By Linda Bloom*
Feb. 27, 2008 | NEW YORK (UMNS)

A focus on the Middle East will be among the social priorities for the National Council of Churches over the next few years.

But the council also will look at strengthening the relationships among its 35 member communions, including The United Methodist Church, and re-energizing the ecumenical movement as a whole.

Those were among the topics discussed as the NCC Governing Board organized itself for the 2008-2011 quadrennium during its Feb. 25-26 meeting in New York.

Archbishop Vicken Aykazian, installed in November as the council’s new president, spoke about the possibility of an official visit to Middle Eastern countries to meet with civic and religious leaders “as well as to show our solidarity with the Christian minorities.”

Bishop E. Earl McCloud Jr., ecumenical officer for the African Methodist Episcopal Zion Church, suggested that the council’s efforts on Middle East peace might be better spent working with U.S. officials in Washington.

It was agreed that both types of advocacy are needed as well as coordination with other faith-based groups to foster peace between Israelis and Palestinians. The governing board affirmed the Middle East crisis as a focus during Aykazian’s tenure over the next two years and authorized the executive committee to explore options for action.

Leaner organization

The NCC’s reduced program staff – the result of last fall’s reorganization plan and prompted by financial reasons – was addressed by both Aykazian, who leads the Washington Diocese of the Armenian Church of America (Eastern), and the Rev. Michael Kinnamon, the council’s new chief executive.

The Rev. Michael Kinnamon

It was announced last September that 14 program staff positions would be eliminated, but some of the current staff members applied and were hired for the seven new positions created under the reorganization.

In the council’s new configuration, the efforts of the chief executive and staff alone will not be enough to accomplish goals outlined in its strategic plan. “We, the board, have to contribute our time and our talent to this work,” Aykazian said.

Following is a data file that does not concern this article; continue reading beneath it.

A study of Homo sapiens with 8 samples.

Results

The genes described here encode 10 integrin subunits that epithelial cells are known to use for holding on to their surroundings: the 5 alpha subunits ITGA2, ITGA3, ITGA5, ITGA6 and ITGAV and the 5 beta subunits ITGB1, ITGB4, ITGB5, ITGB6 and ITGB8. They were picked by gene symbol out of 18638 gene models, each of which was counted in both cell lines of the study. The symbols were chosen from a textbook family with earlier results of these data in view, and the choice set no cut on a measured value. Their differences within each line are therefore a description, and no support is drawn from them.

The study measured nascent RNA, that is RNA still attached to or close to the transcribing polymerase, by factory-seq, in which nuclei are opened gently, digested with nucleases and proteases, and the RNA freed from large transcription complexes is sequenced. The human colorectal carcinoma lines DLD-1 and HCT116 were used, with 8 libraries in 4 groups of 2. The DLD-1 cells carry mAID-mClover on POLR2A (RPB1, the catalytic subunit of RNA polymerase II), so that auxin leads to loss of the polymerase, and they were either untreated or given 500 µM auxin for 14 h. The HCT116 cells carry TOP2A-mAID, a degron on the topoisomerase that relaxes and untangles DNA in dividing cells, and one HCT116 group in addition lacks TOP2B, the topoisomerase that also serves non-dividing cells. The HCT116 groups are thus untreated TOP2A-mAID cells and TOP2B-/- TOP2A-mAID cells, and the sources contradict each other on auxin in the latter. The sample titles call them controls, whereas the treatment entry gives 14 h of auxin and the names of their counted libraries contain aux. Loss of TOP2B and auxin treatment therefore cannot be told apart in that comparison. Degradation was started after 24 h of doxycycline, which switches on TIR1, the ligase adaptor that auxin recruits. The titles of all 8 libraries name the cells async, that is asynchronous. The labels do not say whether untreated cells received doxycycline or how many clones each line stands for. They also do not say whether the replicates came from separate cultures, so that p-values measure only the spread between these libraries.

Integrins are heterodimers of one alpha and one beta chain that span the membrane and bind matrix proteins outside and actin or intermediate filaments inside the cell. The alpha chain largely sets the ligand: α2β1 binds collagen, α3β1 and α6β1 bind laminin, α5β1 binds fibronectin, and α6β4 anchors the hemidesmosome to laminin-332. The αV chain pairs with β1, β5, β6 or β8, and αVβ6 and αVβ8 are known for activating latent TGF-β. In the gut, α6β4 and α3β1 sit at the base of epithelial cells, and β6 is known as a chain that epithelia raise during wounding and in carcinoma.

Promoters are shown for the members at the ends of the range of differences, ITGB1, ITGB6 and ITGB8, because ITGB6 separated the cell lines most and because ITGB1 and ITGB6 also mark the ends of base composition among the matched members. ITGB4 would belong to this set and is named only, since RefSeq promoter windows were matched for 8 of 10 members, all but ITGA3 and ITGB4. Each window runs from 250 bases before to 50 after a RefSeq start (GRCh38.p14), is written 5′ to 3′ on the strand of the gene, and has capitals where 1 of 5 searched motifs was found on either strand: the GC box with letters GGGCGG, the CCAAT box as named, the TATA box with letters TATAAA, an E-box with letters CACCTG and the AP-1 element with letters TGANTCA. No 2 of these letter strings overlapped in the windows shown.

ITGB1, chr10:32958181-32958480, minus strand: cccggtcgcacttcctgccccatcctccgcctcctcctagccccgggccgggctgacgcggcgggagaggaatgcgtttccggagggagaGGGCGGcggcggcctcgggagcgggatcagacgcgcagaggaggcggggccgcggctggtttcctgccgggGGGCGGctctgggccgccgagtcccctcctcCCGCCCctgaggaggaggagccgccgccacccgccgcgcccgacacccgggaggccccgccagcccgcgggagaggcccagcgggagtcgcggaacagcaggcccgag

Kinnamon pointed to a tension that exists within the ecumenical movement as to whether it is a forum where conflicting viewpoints meet in dialogue or a renewal movement. He believes both descriptions are true. “A crucial part of this (NCC) community is the convictions we hold together … and the witness that we make together,” he said.

Commitments outlined in the NCC’s strategic plan, he added, include strengthening relationships among member communions, integrating programmatic work, giving energy to U.S. ecumenical life, sharing resources, nurturing young adults for ecumenical leadership and being “truly prophetic in our social witness.”

Bishop William B. Oden, ecumenical officer for the United Methodist Council of Bishops, pointed to the need for support by all of the NCC member communions. “If we’re to give legs and heart to the goals that have been stated, there is going to have to be a re-energizing of all our commitments,” he said.

Oden told United Methodist News Service that he was optimistic about what he considers to be a “fresh start” for the NCC.

Bishop William B. Oden

“The reorganization was very painful, but we’ve become a leaner organization. As such, we’ll depend more on board members and less on staff, and that’s healthy,” he said.

The council’s stable financial situation “will raise the confidence level among the member communions,” Oden added.

Renovation plans

The NCC hopes to begin a physical transformation of its New York headquarters as well. Clare Chapman, a United Methodist and the council’s chief operating officer, noted that the NCC was the largest tenant of the Interfaith Center, located at Riverside Drive and West 120th Street, when it was built in the 1950s. Although the NCC’s space has been much reduced since then, the remaining offices never have been renovated.

In order to keep its lease, a renovation is necessary, according to Chapman. The previous governing board had approved a capital campaign for the renovations, now estimated at $800,000, and the funding raised is near the 50 percent level required to start.

“The reorganization was very painful, but we’ve become a leaner organization. As such, we’ll depend more on board members and less on staff, and that’s healthy.”
– Bishop William B. Oden
United Methodists pledged $125,000 for the renovation, paid over a four-year period, and total payment should be finished this year, she said.

Besides Oden, the ecumenical officer, United Methodists on the 2008-2011 NCC Governing Board are Bishop Albert “Fritz” Mutti, interim chief executive, United Methodist Commission on Christian Unity and Interreligious Concerns; Diana Eck, Harvard University; Raul Alegria, Southeastern Jurisdiction of The United Methodist Church; and Deborah Bass, United Methodist Board of Global Ministries.

 *Bloom is a United Methodist News Service news writer based in New York.

News media contact: Linda Bloom, New York, (646) 369-3759 or newsdesk@umcom.org


The Rev. Michael Kinnamon: “Four years from now...”

Archbishop Vicken Aykazian: “We have to contribute our time, our talent.”